Enough is Enough: Hunger for federal money drives changes to the city

By Robert E. Macdonald

Mayor of Lewiston

“Well they passed a law in ’64 to give those who ain’t got a little more.” Thus sang Bruce Hornsby in his song “The Way It Is.”

The song hailed President Lyndon Johnson’s signing on July 2, 1964 of The Civil Rights Act of 1964. What was hailed as a triumph has turned out to be a disaster.

There is nothing wrong with helping the poor. In fact, most religions expect their faithful to help those in need. However, when need turns into enabling, major problems are created that have an adverse effect on society.

What was intended to help needy people break the cycle of poverty served only to strengthen that cycle and open a deep abyss that made escape virtually impossible. But does this surprise anyone? When the federal government comes to say they are here to help you—you got real problems.

Of course, they come with good intentions. Unfortunately, intentions do not necessarily equate to reality. If the Presidential election brought one thing to the forefront, it was our national leaders, policy wonks and the press have no idea of the problems faced by everyday working Americans. Their stunned astonishment over the depths of their detachment from average Americans was like a sledgehammer blow to their heads.

Johnson’s Civil Right Act has created an aggressive Stage 3 societal cancer—a cancer that is proceeding steadily towards Stage 4. The growing tumor consists of a variety of fatal social maladies collectively referred to as community organizations.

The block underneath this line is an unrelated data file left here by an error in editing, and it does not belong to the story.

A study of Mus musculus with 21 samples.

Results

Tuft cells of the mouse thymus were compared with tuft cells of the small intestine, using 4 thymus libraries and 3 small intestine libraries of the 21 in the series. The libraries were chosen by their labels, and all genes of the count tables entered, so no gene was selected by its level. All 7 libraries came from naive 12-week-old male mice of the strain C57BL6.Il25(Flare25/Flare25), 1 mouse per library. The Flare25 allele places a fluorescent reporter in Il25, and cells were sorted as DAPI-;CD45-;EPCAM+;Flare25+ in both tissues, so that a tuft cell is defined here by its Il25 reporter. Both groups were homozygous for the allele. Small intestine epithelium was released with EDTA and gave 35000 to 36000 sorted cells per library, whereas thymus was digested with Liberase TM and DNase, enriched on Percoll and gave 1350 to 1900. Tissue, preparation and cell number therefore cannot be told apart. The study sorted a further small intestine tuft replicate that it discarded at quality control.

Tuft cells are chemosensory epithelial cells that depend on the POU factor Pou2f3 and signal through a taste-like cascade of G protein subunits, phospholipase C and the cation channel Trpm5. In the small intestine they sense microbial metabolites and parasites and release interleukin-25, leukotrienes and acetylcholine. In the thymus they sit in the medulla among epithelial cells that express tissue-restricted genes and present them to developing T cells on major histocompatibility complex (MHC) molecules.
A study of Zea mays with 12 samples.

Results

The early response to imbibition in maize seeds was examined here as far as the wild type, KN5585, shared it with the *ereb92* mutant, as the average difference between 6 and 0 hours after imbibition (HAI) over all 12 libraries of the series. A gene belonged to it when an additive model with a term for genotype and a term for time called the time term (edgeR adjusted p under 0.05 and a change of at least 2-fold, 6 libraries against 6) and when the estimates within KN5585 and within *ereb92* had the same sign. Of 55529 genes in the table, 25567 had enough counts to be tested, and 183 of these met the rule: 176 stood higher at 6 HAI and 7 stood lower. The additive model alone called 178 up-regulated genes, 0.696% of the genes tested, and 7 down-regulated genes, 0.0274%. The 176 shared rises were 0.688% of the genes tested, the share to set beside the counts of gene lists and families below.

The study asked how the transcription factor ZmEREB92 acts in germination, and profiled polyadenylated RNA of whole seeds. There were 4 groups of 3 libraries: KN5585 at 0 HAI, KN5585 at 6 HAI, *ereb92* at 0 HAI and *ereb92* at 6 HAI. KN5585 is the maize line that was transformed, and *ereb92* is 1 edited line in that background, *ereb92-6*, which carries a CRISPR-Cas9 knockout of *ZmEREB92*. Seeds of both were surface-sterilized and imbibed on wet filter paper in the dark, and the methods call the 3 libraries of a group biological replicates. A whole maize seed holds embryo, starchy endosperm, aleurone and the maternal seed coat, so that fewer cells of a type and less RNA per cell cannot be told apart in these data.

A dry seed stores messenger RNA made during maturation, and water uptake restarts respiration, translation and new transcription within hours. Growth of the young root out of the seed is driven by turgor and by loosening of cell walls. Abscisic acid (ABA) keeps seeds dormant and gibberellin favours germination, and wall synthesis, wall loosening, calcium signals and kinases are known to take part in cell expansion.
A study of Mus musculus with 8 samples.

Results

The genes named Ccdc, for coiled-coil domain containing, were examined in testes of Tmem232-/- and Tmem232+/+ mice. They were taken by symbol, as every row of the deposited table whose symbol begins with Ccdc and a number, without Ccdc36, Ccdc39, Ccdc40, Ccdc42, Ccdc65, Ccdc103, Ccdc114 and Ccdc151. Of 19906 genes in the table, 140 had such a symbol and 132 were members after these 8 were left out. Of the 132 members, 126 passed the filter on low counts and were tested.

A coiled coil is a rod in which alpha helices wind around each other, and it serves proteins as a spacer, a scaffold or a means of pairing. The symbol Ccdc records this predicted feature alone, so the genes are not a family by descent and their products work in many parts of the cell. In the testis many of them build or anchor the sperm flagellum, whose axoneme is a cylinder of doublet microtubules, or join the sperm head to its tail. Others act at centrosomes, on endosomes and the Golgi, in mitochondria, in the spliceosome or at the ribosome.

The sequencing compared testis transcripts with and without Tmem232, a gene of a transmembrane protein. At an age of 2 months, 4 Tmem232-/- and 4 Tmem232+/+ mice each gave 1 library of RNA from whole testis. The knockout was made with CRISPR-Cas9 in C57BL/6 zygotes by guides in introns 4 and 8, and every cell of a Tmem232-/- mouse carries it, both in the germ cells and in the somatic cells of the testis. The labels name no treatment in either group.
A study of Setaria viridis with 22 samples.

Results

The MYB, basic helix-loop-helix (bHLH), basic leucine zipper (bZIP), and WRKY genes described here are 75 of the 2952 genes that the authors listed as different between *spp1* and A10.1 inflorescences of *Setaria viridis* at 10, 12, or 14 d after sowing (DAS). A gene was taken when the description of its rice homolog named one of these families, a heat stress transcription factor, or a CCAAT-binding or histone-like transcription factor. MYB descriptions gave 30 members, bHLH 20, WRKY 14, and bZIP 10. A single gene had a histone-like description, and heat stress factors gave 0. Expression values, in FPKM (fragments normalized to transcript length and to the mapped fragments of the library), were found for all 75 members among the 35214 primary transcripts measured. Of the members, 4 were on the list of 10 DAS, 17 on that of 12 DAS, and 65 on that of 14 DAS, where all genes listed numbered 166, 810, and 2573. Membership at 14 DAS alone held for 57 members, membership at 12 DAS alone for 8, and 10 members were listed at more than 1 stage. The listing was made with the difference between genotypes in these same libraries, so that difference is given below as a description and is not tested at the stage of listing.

When I first arrived in Lewiston in 1977, 13 years after the Civil Rights legislation was enacted, I was assigned to patrol the Little Canada district of Lewiston. During the heydays of the mill, this section had served as the site of mill worker housing (key word: “worker”). But in 1977 the area was changing.

The stable, older French population was being pushed out. Today, throughout our country, what once were neighborhoods populated by middle-class, white- and blue-collar workers have been replaced and taken over by educated young professionals sending real estate prices north.

But 39 years ago was a much different time. The hard-working mill workers, many of them who had never known any other neighborhood—a neighborhood filled with many happy unforgettable memories—were now being forced out, not because of outrageous rents, but because of drugs and crime brought to the neighborhood by a new population that had no pride. They began changing a clean, robust neighborhood into a dump.

Lewiston’s leaders and their liberal allies failed to show a scintilla of leadership and sat by silently, allowing our new neighbors to destroy the neighborhood. According to these leaders, the new residents were poor and societally stigmatized because of the choices they made.

The federal money kept rolling into our cash-strapped city. When the money comes rolling in, it causes those in charge to overlook things—don’t kill the Golden Goose. They failed to address these problems, fearing the federal spigot might be turned off. This led to the resurrection of an old extinct cottage industry: the modern-day carpetbagger.

Federal money, with its rules and regulations, along with elected officials partnering with unelected community organizers, are responsible for bringing Lewiston to our current state.

This year we have a chance for radical change in favor of those who pay taxes, not those who take taxes. You, Dear Reader, are the key. Pay attention to what’s going on. Make sure your elected officials are representing your interests, not those of unelected community organizers.

You have the power to right wrongs. The question is: will you?.